A friend who works for Solano County said that the Anna’s hummingbird nesting in her office courtyard was being harassed by county employees who’d been sticking their noses and cameras rather literally into the nest and even bending the branch it’s on down, for closer looks. The hummingbird has been tenacious but she’s clearly agitated, and diverting her even occasionally from feeding the newly hatched chicks endangers them.
The overeager bird botherers got indignant when the groundskeeper roped off the nest area.
That evening one of my sisters back East emailed a forwarded copy of a Chron story from a year or two ago: a humpback whale had been entangled on a string of crab pots, and a volunteer crew of divers, at serious personal risk, had cut her free. My sister asked: Was the story was for real?
Sure it was. So was the hummingbird story. So were the many stories that accumulated after the Cosco Busan oil spill. Joe and I played a very minor part in that rescue effort; you should have seen the outpouring of time and sweat and skill and, yes, love, by volunteers who spent long hard days at the rescue centers and on the beaches and in boats in the middle of Bay in the middle of the night.
Maybe you did. Maybe you were among them. If so, you know what I’m talking about.
Both the good and the bad stories there arise from something E. O. Wilson calls “biophilia,” something as basic to us as music or an oxygen-based metabolism. We’re alive, and we’re drawn to everything else alive. We’re part of something, and vice versa: it is what we’re made of. That’s Darwin’s most compelling idea, that we’re related to every other living being on the planet. You want family values? We got ’em.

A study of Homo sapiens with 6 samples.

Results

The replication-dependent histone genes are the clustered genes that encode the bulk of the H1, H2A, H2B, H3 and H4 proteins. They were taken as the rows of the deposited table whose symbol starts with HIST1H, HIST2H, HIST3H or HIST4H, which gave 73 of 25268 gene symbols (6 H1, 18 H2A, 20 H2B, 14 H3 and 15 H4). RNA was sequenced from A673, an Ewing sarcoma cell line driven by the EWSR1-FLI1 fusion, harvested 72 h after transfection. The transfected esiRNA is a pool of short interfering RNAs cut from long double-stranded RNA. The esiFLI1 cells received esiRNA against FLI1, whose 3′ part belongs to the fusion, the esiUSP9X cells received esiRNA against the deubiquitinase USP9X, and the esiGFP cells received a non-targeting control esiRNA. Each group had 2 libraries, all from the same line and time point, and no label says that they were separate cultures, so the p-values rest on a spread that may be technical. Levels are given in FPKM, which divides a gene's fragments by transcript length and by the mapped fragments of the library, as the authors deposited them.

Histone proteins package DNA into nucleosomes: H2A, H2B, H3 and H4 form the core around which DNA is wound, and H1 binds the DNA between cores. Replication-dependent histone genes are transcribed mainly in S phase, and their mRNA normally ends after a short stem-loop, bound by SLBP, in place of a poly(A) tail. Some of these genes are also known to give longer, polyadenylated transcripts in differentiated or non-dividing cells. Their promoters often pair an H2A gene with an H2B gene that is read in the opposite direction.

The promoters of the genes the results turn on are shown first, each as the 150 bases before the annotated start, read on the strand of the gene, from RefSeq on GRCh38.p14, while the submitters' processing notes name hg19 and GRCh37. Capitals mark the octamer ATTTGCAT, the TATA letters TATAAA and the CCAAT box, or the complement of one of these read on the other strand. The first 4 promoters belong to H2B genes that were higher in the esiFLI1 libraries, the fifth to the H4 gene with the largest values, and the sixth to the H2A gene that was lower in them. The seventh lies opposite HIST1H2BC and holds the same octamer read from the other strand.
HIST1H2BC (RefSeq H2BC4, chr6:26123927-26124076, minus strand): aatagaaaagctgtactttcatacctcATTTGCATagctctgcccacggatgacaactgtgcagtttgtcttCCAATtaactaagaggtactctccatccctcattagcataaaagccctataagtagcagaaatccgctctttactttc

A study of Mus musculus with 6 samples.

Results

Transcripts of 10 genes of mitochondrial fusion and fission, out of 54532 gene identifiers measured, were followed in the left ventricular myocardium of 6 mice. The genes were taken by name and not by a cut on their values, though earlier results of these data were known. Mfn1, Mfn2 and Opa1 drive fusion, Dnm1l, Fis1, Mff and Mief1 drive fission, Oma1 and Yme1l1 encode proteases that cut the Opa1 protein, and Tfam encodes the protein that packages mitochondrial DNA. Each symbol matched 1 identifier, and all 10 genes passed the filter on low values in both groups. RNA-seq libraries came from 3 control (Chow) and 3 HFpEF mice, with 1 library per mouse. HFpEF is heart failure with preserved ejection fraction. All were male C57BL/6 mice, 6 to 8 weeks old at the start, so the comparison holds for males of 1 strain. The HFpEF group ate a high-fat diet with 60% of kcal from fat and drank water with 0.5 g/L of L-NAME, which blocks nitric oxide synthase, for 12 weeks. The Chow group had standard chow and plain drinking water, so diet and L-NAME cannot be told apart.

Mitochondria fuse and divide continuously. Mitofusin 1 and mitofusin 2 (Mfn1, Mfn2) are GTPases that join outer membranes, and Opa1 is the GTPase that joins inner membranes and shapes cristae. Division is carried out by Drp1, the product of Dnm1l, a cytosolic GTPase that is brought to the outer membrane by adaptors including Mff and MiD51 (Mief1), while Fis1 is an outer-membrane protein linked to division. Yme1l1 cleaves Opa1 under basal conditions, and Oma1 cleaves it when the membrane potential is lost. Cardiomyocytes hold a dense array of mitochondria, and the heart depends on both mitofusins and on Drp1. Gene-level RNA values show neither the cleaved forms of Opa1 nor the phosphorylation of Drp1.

But, like parents who’ve never learned child care, sometimes we stumble in ignorance. It’s appalling that anyone is allowed to grow up without a feel for, say, the requirements of breeding birds; the knowledge that they’re utterly different and still the same as us, that they’re not puppets or cartoons. We still crave their company after we’ve paved them half out of existence, but sometimes we hurt them further even in reaching out.
It’s not unusual to be ignorant. I’m still learning, and I’m nearly 60. The bit of work I did for the bird rescue gave me the organized guts to grab a sick barn owl in my spare shirt when we saw him as we strolled in a marsh a day later.
We took him to the Suisun wildlife center and he died in two days anyway.
Did I do him any good? Don’t know. Would I do it again? Yes, I’m a used nurse, and know about trying anyway. I also know the oath: First, do no harm. Funny, how we’re barely beginning to learn how to carry that one off.
We’re born with biophilia. It’s hard to kill it. Nurturing it will do more for us—whatever age we are—than banning Grand Theft Auto or requiring organized sports. We don’t need more regimentation; we need knowledge, access, and release.